Tuesday, August 03, 2021


WWW. WEDNESDAY asks three questions to prompt you to speak bookishly. To participate, and to see how other book lovers responded, click here.  

1. What are you currently reading? Paul Newman: A Life by Shawn Levy. I'm not deep into this 500+ page biography, but so far I'm struck by Paul Newman's very ordinariness, and how he embraced it. Yes, he was an Oscar winner, a box office champion for five decades, inarguably the most popular of the Method Actors who revolutionized theater and movies.

But, except for his looks, he really wasn't exceptional. Not a natural talent, acting was hard work for him. He took his craft seriously, never for granted. Since he had nothing to do with his blue eyes, he considered being handsome a lucky break, just as he was lucky to make it through his Navy service in WWII without a scratch. He consistently seems to view himself as a fortunate bloke determined to make the most of the lucky circumstances he was given. Separate from his movies -- I'm a fan -- I find that I like Paul Newman.

I've also discovered the basis of his legendary philanthropy. Through one charity alone, Paul donated $245,000,000. Yes, you read that right. He worked as hard at growing Newman's Own into a not-for-profit powerhouse as he did at becoming a good actor. Why did he do it? It goes back to his mother's example. No, she was not financially generous. In fact, she was highly materialistic. Paul understood her -- she escaped poverty by immigrating to America and was determined never to be poor again. But while he loved her, her attitude disturbed him deeply and left its mark. Children in the US, Ireland, France and Israel are the better for his charity work, which goes on. (So buy Newman's Own when you get the chance.)

2. What did you recently finish reading?  Murder at Blackburn Hallby Sara Rosett. This is the second book in a cozy mystery series set in London in the 1920s. Our heroine, Olive Belgrave, has social status but no money. So she hires herself out among the aristocracy to perform "discreet inquiries," like checking out a daughter's new beau, finding a stolen pedigreed dog, vetting a nanny candidate ... In this book, a publishing house wants her to track down a famous author who has disappeared without turning in the manuscript he's obligated to deliver.  They hire Olive because they don't want the publicity that would come from calling those vulgar police!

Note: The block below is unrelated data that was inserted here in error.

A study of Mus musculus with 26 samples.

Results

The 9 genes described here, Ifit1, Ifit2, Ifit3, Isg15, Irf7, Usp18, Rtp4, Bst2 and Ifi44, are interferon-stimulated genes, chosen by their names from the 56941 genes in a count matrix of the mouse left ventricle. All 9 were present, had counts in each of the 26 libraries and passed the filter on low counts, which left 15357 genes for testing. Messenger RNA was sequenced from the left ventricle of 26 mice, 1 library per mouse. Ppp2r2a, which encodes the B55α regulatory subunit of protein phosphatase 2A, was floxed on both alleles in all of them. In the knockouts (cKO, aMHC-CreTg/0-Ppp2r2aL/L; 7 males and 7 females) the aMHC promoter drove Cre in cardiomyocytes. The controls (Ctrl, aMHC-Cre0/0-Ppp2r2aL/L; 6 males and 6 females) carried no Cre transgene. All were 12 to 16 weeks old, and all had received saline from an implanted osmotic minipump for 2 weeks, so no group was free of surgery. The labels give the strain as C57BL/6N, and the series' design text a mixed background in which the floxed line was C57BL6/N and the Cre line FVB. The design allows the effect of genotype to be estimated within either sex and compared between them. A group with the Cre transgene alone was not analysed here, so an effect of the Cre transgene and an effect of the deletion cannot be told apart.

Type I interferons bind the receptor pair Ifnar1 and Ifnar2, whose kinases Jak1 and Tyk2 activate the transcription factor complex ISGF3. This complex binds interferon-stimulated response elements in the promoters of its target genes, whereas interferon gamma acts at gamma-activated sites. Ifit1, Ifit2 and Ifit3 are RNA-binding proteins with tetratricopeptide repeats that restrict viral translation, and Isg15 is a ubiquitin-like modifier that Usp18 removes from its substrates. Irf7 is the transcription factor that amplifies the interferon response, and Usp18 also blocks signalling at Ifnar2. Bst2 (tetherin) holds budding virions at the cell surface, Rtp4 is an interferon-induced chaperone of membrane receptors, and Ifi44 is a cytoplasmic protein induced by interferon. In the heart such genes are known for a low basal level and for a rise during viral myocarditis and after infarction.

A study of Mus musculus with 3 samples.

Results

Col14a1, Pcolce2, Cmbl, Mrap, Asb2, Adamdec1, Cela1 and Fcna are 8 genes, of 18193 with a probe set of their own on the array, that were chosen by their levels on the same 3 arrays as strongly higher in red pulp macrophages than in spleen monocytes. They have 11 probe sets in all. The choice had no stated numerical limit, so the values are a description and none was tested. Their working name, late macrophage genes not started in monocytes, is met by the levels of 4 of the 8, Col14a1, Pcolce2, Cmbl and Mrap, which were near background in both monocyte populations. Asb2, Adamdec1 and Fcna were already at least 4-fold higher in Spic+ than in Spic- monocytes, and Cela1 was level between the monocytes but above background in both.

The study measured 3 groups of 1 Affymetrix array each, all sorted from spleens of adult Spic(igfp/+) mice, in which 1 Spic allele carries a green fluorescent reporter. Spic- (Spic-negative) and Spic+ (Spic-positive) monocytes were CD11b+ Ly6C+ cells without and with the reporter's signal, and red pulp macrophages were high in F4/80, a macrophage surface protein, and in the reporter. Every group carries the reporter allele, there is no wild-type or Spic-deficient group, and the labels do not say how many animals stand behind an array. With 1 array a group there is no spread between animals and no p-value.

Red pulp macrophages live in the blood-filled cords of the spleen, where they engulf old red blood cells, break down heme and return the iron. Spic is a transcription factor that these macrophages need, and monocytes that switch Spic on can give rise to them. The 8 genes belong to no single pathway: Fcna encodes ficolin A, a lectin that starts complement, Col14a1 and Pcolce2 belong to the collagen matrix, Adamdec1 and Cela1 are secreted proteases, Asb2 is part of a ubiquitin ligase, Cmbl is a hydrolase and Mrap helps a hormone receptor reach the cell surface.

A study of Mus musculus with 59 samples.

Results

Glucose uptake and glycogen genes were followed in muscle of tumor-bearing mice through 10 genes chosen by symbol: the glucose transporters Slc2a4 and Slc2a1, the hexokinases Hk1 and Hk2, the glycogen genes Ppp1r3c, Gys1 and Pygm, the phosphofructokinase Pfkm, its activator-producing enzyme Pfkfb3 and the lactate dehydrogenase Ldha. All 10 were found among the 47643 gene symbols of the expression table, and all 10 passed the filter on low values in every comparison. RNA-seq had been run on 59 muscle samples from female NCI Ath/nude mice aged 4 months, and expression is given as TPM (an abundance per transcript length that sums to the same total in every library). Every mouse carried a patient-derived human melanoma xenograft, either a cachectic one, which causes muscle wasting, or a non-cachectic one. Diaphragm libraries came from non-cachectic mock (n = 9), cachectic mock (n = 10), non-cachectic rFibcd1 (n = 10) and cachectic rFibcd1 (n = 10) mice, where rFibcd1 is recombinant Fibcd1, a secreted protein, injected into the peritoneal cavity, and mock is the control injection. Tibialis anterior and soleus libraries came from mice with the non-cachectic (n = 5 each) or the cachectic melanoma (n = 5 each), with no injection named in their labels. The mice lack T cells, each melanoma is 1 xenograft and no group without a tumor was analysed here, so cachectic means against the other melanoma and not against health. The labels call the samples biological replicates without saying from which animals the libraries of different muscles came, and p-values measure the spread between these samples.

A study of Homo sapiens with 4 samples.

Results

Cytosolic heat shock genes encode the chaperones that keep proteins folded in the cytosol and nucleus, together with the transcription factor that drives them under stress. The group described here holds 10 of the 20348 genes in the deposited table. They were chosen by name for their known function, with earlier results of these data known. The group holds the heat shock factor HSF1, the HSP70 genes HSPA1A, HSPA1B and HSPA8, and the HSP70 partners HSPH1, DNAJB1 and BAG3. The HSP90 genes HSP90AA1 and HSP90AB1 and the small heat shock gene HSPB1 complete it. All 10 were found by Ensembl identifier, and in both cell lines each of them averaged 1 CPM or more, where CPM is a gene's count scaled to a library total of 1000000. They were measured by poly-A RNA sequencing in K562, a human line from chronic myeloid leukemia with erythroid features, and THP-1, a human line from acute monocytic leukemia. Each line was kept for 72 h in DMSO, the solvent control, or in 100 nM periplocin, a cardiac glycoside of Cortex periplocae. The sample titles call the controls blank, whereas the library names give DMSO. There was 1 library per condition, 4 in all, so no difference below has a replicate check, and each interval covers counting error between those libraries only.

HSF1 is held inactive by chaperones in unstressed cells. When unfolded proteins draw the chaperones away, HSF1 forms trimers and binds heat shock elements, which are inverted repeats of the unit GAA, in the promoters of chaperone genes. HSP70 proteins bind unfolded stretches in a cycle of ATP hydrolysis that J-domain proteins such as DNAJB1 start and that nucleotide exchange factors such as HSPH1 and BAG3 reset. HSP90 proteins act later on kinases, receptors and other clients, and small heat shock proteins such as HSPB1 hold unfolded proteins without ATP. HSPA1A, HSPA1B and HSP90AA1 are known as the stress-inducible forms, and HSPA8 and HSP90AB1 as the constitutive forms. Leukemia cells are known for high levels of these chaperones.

I liked this book. I learned a lot about the early 20th century. For example, I didn't know about the tin masks that disfigured veterans wore after WWI. Or that doctors actually recommended their sick patients smoke special asthma cigarettes! These tidbits are introduced naturally, seamlessly into the story and I appreciated them. The mystery itself was good, too, and kept me guessing to the end.

The only thing I didn't really like was Olive herself. Whether it's Kinsey Milhone or Spenser or Archie Goodwin, I want to really root for the detective I'm accompanying on these adventures. I don't yet have a grip on Olive. Perhaps more of her personality will be revealed as I move through the series.
3. What will read next? I don't know.

August Happiness Challenge -- Day 3

Today's happiness -- Clean sheets and towels. Usually I do my laundry on Sunday nights about 6:00 PM. I just didn't get around to it Sunday, so I did it Monday afternoon. Which means I woke up this morning in a fresh nightshirt, on fresh sheets and then I dried myself after my morning shower with fresh towels.

Yeah, this happens every week (except usually it's on Monday instead of Tuesday). But it's such a happy way to start the morning and the week. A reliable mood lifter. It deserves a happy Beatle Button. 

Honorable mention goes to the new shower liner and rings I put in today and the plant stands I began using in the den. It's nice to give my surroundings a little upgrade.

Each day in August you are to post about something that makes *you* happy. Pretty simple. And, it doesn't even have to be every day if you don't want it to be. It's a great way to remind ourselves that there are positive things going on in our lives, our communities, and the world.